Vienna maybe couldn’t challenge Paris for the art capital of Europe, but I think it would fight a fair fight, pulling up its socks and putting on the boxing gloves! Vienna might not have had Picasso or Man Ray or Henri Matisse but it has seen its share of artist’s faces at this time. Some of the world’s greatest painters took up studio in Vienna, studios which are now open to the public, turned galleries. So make an art pilgrimage to Austria’s fine and elegant capital. It cannot disappoint.
The first destination on any art-lover’s list for Vienna should be the MuseumsQuartier. It is an entire neighbourhood dedicated to cultural museums, events and gatherings. Here you will find some of the biggest and most worthwhile galleries in the city like the Leopold Museum (which has one of the largest collections of Egon Schiele and Gustav Klimt collections in the world), Museum of Modern Art (MUMOK) and the Kunsthalle Wien. Hiding in the nooks between the museums are a number of design and art shops dedicated to displaying and selling local Austrian art and handmade goods.
Open: daily 10:00-18:00
Admission: €9 / reduced €6,50
The Vienna Secession is stop number two. It was first founded in 1897 by a group of artists that were tired of the constraints of the Association of Austrian Artists. They formed their own group with Gustav Klimt acting as the first president. Today the building is not only recognized as an outstanding piece of Austrian architecture, but it houses some of the city’s best temporary exhibitions. In keeping with the founding motives, the Secession continues to bring contemporary and ground-breaking art to the public eye. It is located at Friedrichstraße 12. Open: Tue to Sun 10:00-18:00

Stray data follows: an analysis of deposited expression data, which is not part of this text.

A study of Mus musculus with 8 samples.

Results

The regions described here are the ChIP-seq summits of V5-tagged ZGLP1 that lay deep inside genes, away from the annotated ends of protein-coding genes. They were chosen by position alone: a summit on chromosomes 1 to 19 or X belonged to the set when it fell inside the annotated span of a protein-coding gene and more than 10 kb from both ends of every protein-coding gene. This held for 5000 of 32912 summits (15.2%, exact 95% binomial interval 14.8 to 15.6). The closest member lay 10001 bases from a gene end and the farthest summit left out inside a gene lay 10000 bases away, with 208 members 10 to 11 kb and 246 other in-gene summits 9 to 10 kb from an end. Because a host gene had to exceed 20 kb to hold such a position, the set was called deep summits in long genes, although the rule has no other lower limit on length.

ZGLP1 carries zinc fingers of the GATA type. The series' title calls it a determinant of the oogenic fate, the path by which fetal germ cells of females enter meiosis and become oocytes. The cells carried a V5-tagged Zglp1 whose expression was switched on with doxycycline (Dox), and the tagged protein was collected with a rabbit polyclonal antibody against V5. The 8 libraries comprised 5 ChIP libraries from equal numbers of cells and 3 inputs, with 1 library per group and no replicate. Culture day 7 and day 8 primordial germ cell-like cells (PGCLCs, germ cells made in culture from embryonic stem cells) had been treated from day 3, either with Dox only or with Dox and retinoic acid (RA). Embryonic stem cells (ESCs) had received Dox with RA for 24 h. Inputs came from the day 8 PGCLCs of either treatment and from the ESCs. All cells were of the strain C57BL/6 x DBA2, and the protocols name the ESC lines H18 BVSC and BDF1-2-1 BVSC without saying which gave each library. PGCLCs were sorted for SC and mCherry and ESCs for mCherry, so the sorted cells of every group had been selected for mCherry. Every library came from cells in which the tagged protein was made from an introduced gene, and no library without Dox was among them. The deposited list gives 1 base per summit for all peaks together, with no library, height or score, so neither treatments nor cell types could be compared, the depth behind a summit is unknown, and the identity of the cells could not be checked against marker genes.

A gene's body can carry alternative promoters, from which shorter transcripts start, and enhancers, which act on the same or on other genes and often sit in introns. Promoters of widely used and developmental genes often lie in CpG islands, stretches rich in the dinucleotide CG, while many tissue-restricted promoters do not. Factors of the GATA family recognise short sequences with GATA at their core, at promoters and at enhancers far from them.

Guided tours at 15:00 on Saturday & 11:00 on Sunday
What art tour of Vienna wouldn’t take you to the place where some of the city’s greatest artists were trained? The Academy of Fine Arts is a grandiose pillared building. It was first founded in 1692 and has seen many world-famous artists pass through its doors. Starting as a private academy it officially became a recognized university in 1998. Some of the academy’s most famous students include Joanna Gleich, Egon Schiele, Rudolf von Alt and Otto Wagner. Their painting gallery is worth a visit (Schillerplatz 3) and don’t be shy, roam the halls and see if you can get a peek into one of the studios where students are working!
From here head to one of the city’s greatest museums, the Kunsthistorisches Museum (Art History Museum). The building itself is one of Europe’s most celebrated pieces of 19th century architecture. It was commissioned by the Emperor as a place to store the collections of Habsburgs. It is not hard to miss as it dominates the Maria Theresien-Platz. The collection is diverse, from Egyptian artefacts to Greek and Roman antiques to sculpture and decorative arts and portraits. There is a lot to see and discover but some of the most important pieces in the permanent collection that shouldn’t be missed are: Dürer’s Adoration of the Trinity, Caravaggio’s David with the Head of Goliath, Velázquez’s portraits of the Spanish royal family and Summer by Guiseppe Arcimboldo.
Open: Tues to Sun 19:990-18:00
Admission: Adults €12 / Reduced €9
If you have some more time check out: Contemporary Art Tower (Stubenring 5), Liechtenstein Museum (Fürstengasse 1), Ernst Fuchs Museum (Hüttelbergstraße 26) and WestLicht (Westbahnstraße 40).